Republicans slam Murphy over ‘baby bonds’ proposal

By Nikita Biryukov, September 09 2020 4:10 pm

Republicans aren’t buying Gov. Phil Murphy’s big push for “baby bonds.”

A number of high-ranking Republicans unleashed on the governor’s proposal to give deposit $1,000 into bank accounts belonging to children born to families making less than about $131,000 next year, alternatively calling it an irresponsible use of the state’s limited funds and deriding it as a political ploy to win Murphy a second term in 2021.

“I’m not sure that Governor Murphy ever looks at both sides of the balance sheet,” Assembly Minority Leader Jon Bramnick said (R-Westfield). “He has to borrow $80 million to fund this ‘free money’ giveaway plan. Adding extra costs for programs like baby bonds at a time of fiscal crisis is irresponsible. The governor just went a little too far on this one.”

Murphy’s proposal is a version of a bill U.S. Sen. Cory Booker is pushing on a federal level, though that bill mandates additional annual payments past the initial deposit and is tiered based on a family’s income.

Booker’s plan could net children as much as $46,215 or as little as $1,681 depending on their family’s income.

The governor’s plan would likely generate far smaller returns. The $1,000 deposits Murphy is calling for would be invested to generate returns that are at least equal to 30-year bonds issued by the U.S. Treasury.

Assuming an interest rate of 1.43%, Wednesday’s rate for 30-year bonds, the accounts would hold about $1,291 after 18 years.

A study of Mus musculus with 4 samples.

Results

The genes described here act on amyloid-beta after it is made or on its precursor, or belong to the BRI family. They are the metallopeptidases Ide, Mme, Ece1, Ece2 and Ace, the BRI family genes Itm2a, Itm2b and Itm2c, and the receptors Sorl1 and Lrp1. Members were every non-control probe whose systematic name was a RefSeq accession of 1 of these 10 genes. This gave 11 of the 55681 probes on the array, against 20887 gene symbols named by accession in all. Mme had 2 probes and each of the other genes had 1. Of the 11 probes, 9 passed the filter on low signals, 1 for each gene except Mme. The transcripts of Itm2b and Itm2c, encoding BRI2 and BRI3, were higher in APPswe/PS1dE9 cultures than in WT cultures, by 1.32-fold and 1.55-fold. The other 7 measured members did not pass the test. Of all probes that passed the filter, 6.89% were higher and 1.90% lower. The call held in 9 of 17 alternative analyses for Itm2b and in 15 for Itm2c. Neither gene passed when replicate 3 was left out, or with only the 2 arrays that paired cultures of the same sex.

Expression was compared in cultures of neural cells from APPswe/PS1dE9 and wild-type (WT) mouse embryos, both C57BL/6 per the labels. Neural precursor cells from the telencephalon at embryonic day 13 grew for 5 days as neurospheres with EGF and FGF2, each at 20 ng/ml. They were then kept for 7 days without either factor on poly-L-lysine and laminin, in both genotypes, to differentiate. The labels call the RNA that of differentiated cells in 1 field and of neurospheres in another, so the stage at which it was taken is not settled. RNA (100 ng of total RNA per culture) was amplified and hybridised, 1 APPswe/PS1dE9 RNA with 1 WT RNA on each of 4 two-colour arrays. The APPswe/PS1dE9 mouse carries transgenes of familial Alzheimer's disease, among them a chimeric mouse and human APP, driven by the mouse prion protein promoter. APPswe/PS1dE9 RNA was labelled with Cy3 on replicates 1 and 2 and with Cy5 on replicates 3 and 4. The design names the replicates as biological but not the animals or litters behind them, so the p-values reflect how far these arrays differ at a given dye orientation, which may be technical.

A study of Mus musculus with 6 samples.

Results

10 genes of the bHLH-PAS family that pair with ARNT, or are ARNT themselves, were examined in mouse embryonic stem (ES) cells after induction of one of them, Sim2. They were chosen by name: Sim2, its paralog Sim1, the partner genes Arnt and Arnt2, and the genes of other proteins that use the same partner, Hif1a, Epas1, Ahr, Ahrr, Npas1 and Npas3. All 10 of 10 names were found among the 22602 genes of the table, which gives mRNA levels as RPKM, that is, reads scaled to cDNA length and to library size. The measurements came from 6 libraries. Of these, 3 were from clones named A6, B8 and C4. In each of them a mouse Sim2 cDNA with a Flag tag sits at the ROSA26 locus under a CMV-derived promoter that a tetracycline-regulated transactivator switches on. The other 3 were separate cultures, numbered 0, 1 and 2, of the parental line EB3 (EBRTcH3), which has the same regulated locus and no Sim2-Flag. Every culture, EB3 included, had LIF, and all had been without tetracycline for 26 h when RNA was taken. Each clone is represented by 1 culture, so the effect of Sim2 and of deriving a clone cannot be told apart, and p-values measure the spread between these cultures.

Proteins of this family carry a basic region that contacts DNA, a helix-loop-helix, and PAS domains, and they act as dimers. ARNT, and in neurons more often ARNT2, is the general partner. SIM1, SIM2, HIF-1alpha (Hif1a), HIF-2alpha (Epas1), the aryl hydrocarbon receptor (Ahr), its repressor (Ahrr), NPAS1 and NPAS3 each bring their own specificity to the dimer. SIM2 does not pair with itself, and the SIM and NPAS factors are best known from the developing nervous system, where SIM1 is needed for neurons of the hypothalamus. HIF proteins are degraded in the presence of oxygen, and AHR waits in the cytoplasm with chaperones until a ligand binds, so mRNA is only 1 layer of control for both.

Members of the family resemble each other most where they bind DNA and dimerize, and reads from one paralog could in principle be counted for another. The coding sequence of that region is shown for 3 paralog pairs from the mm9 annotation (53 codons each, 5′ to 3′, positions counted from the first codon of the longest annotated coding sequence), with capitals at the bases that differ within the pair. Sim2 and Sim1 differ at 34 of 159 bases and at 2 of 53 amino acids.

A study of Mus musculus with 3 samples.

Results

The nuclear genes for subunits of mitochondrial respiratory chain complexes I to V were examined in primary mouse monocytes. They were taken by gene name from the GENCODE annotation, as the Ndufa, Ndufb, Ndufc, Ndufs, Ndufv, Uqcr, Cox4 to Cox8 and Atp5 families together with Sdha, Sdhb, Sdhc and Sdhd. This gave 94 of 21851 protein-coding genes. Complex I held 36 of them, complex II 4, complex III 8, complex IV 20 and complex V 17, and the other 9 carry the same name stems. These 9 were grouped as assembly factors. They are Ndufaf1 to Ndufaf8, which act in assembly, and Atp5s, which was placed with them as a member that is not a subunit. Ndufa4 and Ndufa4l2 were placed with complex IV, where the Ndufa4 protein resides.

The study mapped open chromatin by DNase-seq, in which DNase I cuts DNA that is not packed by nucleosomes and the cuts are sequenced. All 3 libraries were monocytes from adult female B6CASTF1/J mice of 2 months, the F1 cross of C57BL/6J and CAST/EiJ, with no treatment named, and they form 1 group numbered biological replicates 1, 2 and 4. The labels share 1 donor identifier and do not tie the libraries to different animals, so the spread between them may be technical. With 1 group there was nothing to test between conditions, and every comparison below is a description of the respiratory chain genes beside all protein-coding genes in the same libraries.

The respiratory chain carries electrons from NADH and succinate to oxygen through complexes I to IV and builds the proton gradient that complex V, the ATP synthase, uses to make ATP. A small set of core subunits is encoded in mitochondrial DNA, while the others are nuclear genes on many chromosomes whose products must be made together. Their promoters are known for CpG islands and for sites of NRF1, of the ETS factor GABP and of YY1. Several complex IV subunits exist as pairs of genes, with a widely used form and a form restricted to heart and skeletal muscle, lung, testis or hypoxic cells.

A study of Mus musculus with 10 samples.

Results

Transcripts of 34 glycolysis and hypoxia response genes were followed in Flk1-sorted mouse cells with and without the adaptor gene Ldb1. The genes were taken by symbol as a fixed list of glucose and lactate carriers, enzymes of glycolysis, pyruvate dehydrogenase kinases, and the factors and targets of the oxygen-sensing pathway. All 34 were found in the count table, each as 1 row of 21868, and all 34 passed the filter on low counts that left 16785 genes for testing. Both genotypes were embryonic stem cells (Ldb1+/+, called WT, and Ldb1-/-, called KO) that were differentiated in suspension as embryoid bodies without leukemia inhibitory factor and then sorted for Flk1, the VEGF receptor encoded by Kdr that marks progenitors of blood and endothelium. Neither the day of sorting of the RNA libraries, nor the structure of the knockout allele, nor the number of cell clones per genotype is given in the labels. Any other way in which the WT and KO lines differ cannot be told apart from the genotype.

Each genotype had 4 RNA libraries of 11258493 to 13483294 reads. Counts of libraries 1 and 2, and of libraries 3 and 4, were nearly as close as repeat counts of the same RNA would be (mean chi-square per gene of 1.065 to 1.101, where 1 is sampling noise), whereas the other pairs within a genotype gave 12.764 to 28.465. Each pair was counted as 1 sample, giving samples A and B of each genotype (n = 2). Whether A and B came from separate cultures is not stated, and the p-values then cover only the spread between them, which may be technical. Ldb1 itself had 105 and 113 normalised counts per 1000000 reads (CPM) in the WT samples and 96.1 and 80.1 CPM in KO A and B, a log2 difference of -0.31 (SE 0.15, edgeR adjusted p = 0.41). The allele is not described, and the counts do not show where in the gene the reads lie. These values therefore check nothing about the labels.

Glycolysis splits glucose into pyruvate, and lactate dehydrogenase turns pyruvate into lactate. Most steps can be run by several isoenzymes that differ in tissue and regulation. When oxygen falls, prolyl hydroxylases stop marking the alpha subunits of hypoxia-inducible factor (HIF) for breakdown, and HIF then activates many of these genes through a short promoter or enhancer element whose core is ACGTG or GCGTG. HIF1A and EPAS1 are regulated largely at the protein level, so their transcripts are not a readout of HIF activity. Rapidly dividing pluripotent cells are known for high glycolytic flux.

“At a time when Governor Murphy is borrowing $4 billion, raising taxes on gasoline, tolls and income, he wants to give $1000 to every child born in 2021 — his election year! Governor Murphy’s Baby Bill scheme will cost nearly $16 billion to fully fund,” Republican State Chairman Doug Steinhardt said, referring to the total cost of the borrowing bill.”

“Meanwhile, too many New Jerseyans can’t find jobs, can’t get unemployment benefits, can’t open their businesses and can’t feed their families,” he said. “If the Governor wants to address the wealth gap, he should start by making New Jersey affordable for those who live and work here now.”

Republicans have opposed the mechanism that allows the state to borrow to plug budget holes created by COVID-19 since its inception. They even launched a suit to strike the law, though the New Jersey Supreme Court sided with the Murphy administration in that case.

Some Republicans are even claiming the administration is intentionally borrowing too much in a bid to ensure the governor does not seek tax hikes during next year’s budget.

“Let’s be perfectly clear: not one dime of the billions Murphy will borrow has anything to do with addressing COVID-19 related needs,” State Sen. Mike Testa (R-Vineland) said. “It has to do with squirreling away money for next year’s budget so he can play Santa Claus as he runs for reelection.”